Friday, November 25, 2016

BBC Radio's Lord of the Rings

During a recent vacation, I beguiled parts of my drive to South Dakota, northern Minnesota, and back to Missouri by listening to the 1981 BBC Radio full-cast dramatization of The Lord of the Rings - the trilogy by J.R.R. Tolkien that I have read several times in book form (and reviewed here), and once in a 1979 full-cast recording produced by U.S. National Public Radio (reviewed here), besides viewing not one but two film adaptations. The story needs no more reviewing, but I just wanted to comment on the BBC Radio version a bit, for the record.

BBC Radio's production features Ian Holm, who played hobbit Bilbo Baggins in Peter Jackson's film trilogy of The Lord of the Rings, as Frodo Baggins. The character actor who played Bilbo in the BBC version was John Le Mesurier, whose voice sounded remarkably like the one Holm gave Bilbo in the films. My local public library furnished me with the "U.K. version," with Gerard Murphy as the narrator. Also in the cast was Bill Nighy, who played Rufus Scrimgeour in Harry Potter and the Deathly Hallows, Part I, in a spot-on performance as Sam Gamgee. A beautiful musical score was provided by film and opera composer Stephen Oliver, the late uncle of comedian John Oliver, and an entire disk of the set I borrowed was devoted to his music.

Of course, it was a condensed version of the trilogy, with many details left out and some of them changed to fit the format. But of all the adaptations I have seen and heard (after Tolkien's original), I strongly feel this was by far the best. It kept the most beautiful lines of dialogue and passages of description; it conveyed the dramatic power of the whole book; it included favorite things that no other adaptation has ever bothered with, such as the Houses of Healing scenes, and the palantir factor in Denethor's motives. It was definitely better, by a long road, than the NPR version, which (unlike this one) preserved the Tom Bombadil passage, but did so badly. And it devotes more time than any of the other versions to the part of the story that happens after Frodo and his companions return to the Shire.

In spite of cheesy sound effects and battle scenes that didn't quite gel, I recommend the BBC Radio version of LOTR before all other adaptations - including, I'm sorry to say, Peter Jackson's film trilogy. It's surprising at times to hear certain words put back into the mouths that originally spoke them, according to Tolkien's canonical text - like Glorfindel the elf, whose part was usurped by Arwen in Jackson's recension of The Fellowship of the Ring, and Treebeard the ent, who actually said the words Jackson has Galadriel say in the opening narration of the trilogy. The fact that the story allows you to forget who Arwen is until she shows up to wed Aragorn is another typical Tolkien touch, for better or worse. It delivers the delicious "Voice of Saruman" scene that was the reason Christopher Lee agreed to be in the films, though it ended up being deleted from the script.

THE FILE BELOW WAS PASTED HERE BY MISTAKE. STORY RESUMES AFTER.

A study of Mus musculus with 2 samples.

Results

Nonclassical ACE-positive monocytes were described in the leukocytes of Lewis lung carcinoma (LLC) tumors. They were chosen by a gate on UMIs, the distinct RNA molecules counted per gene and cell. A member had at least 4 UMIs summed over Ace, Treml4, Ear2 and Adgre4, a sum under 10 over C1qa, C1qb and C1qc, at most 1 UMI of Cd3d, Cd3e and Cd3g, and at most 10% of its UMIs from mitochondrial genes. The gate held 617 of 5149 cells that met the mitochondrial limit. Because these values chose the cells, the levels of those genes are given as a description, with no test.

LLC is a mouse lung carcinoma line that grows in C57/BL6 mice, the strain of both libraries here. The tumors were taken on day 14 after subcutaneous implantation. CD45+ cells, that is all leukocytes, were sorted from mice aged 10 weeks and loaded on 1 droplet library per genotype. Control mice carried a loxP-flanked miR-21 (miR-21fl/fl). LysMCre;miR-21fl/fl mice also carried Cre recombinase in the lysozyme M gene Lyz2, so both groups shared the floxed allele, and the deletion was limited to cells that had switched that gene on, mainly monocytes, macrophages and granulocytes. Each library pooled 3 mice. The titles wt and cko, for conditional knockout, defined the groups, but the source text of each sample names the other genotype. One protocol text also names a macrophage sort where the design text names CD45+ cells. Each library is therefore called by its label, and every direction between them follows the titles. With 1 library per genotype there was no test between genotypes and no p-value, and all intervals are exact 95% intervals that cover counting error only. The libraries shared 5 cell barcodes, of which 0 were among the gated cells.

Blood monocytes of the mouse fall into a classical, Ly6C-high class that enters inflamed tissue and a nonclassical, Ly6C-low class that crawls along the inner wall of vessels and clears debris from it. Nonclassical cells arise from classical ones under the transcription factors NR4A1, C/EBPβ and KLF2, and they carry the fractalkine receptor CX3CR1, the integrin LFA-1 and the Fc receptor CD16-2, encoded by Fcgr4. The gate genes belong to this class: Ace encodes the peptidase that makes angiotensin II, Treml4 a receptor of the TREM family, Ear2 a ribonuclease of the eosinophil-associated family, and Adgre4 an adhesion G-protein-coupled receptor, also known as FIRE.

The BBC Radio dramatization, produced and co-directed by Jane Morgan, structures the break between The Two Towers and The Return of the King so that Sam's realization that Frodo is still alive comes closer to being, as it should be, the cliff-hanger ending of the middle volume. And it features Peter Woodthorpe as Gollum, recreating his role from the 1978 animated movie by Ralph Bakshi, which is one of the few but significant counts on which Bakshi's film adaptation was better than Jackson's. Woodthorpe's Gollum is feral, crafty, and psychologically tormented all at the same time, to a degree that leaves Andy Serkis' latter-day portrayal far behind. The Bakshi and BBC Radio versions also share the casting of Michael Graham Cox as Boromir.

Though the actors are not the same, I appreciate both the Bakshi and BBC Radio versions' casting of Aragorn (because he sounded more mature, and could be more credibly described as one who "looks foul but feels fair" than the altogether beautiful Viggo Mortensen in Jackson's trilogy). I might also note that somehow or other, Michael Hordern's voice portrayal of Gandalf for BBC Radio could almost be dubbed over Ian McKellen's latter-day film portrayal without many people noticing. I thought Bernard Mayes was OK in the role in the NPR version, though his Tom Bombadil stank to high heaven (I might add, James Arrington was awful as Frodo in that version, which really killed it for me).

So, once again, BBC set the bar considerably higher than NPR's roughly contemporary radio play. As a complete adaptation of the trilogy, it achieves what Bakshi's blend of live action and animation could not (in case you missed it, Bakshi's film ends at the climax of the Battle for Helm's Deep in a cliff-hanger that was never followed up by the expected conclusion); and its cheap sound effects are easier for a present-day audience to forgive than Bakshi's primitive visual effects. As for Jackson's film trilogy, I maintain this audiobook version compares favorably, on the simple grounds that it does less violence to the source material, and is less patronizing to the audience. And finally, dammit, it had Ian Holm as Frodo. Born too soon to play him in Jackson's film, though not too late to channel Le Mesurier's portrayal of Bilbo (and though it might be argued Elijah Wood was born too late), Holm would have been perfect for the part in any format - as he proved in this production.